Alessandro Acquisti is an Associate Professor of Information Systems and Public Policy at the Heinz College, Carnegie Mellon University (CMU), and a member of Carnegie Mellon CyLab. He is the co-director of CMU Center for Behavioral Decision Research (CBDR), and a member of the National Academies’ Committee on public response to alerts and warnings using social media and associated privacy considerations. He has held visiting positions at the Universities of Rome, Paris, and Freiburg (visiting professor); Harvard University (visiting scholar); and Microsoft Research
Alessandro Acquisti studies the behavioral economics of privacy (and information security) in social networks.
What motivates you to share your personal information online?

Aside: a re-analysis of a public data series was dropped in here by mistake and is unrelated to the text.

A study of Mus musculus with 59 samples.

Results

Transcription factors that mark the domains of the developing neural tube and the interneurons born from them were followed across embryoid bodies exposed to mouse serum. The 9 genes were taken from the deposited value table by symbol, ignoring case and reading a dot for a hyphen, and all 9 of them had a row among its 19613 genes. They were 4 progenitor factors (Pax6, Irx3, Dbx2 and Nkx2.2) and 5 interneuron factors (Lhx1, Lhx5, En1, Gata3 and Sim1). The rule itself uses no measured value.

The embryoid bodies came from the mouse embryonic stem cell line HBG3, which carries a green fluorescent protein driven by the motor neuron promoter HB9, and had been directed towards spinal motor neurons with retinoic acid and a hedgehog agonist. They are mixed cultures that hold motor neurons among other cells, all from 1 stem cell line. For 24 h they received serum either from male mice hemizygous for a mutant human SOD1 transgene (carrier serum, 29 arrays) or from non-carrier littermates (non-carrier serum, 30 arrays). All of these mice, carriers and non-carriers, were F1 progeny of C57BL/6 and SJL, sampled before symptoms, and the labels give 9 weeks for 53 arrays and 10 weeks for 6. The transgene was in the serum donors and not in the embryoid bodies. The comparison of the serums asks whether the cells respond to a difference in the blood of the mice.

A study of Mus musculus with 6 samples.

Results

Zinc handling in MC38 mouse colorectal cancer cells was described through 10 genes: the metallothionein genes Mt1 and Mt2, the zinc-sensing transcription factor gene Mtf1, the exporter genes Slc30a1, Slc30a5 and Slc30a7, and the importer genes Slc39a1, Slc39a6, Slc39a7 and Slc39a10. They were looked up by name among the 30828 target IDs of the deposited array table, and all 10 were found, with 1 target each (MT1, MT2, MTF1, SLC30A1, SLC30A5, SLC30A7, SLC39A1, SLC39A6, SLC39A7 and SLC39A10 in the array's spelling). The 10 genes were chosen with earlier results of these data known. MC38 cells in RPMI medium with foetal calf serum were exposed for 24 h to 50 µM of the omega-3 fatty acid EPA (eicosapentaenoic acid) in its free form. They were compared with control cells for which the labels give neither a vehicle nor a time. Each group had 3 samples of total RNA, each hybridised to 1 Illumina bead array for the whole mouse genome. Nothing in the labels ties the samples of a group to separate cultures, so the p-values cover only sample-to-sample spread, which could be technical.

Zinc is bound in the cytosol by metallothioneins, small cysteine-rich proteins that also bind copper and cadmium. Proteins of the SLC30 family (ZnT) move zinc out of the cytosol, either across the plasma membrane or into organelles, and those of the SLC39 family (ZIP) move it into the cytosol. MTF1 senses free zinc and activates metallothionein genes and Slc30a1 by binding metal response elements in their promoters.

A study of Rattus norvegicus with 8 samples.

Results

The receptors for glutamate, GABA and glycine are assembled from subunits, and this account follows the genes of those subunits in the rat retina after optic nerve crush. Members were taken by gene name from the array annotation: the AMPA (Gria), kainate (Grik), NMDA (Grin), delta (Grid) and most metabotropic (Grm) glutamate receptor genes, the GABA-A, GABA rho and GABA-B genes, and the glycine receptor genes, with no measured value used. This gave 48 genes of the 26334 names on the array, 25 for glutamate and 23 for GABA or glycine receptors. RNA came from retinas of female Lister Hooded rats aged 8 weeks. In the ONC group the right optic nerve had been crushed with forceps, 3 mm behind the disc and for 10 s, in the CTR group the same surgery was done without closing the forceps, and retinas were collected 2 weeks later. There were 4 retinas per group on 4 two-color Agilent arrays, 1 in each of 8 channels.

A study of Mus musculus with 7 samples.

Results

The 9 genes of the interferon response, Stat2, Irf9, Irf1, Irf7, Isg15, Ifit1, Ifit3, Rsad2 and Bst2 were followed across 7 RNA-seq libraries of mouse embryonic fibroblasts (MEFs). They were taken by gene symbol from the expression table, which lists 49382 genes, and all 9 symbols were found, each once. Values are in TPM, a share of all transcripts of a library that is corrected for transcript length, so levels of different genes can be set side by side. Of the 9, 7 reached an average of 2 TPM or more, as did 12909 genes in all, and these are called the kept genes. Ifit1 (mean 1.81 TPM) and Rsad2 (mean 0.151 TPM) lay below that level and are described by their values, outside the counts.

The line between public and private has blurred in the past decade, both online and in real life, and Alessandro Acquisti is here to explain what this means and why it matters. In this thought-provoking, slightly chilling talk, he shares details of recent and ongoing research — including a project that shows how easy it is to match a photograph of a stranger with their sensitive personal information.
Online, we humans are paradoxical: We cherish privacy, but freely disclose our personal information in certain contexts. Privacy economics offers a powerful lens to understand this paradox, and the field has been spearheaded by Alessandro Acquisti and his colleagues’ analyses of how we decide what to share online and what we get in return.
His team’s surprising studies on facial recognition software showed that it can connect an anonymous human face to an online name — and then to a Facebook account — in about 3 seconds. Other work shows how easy it can be to find a US citizen’s Social Security number using basic pattern matching on public data. Work like this earned him an invitation to testify before a US Senate committee on the impact technology has on civil liberties.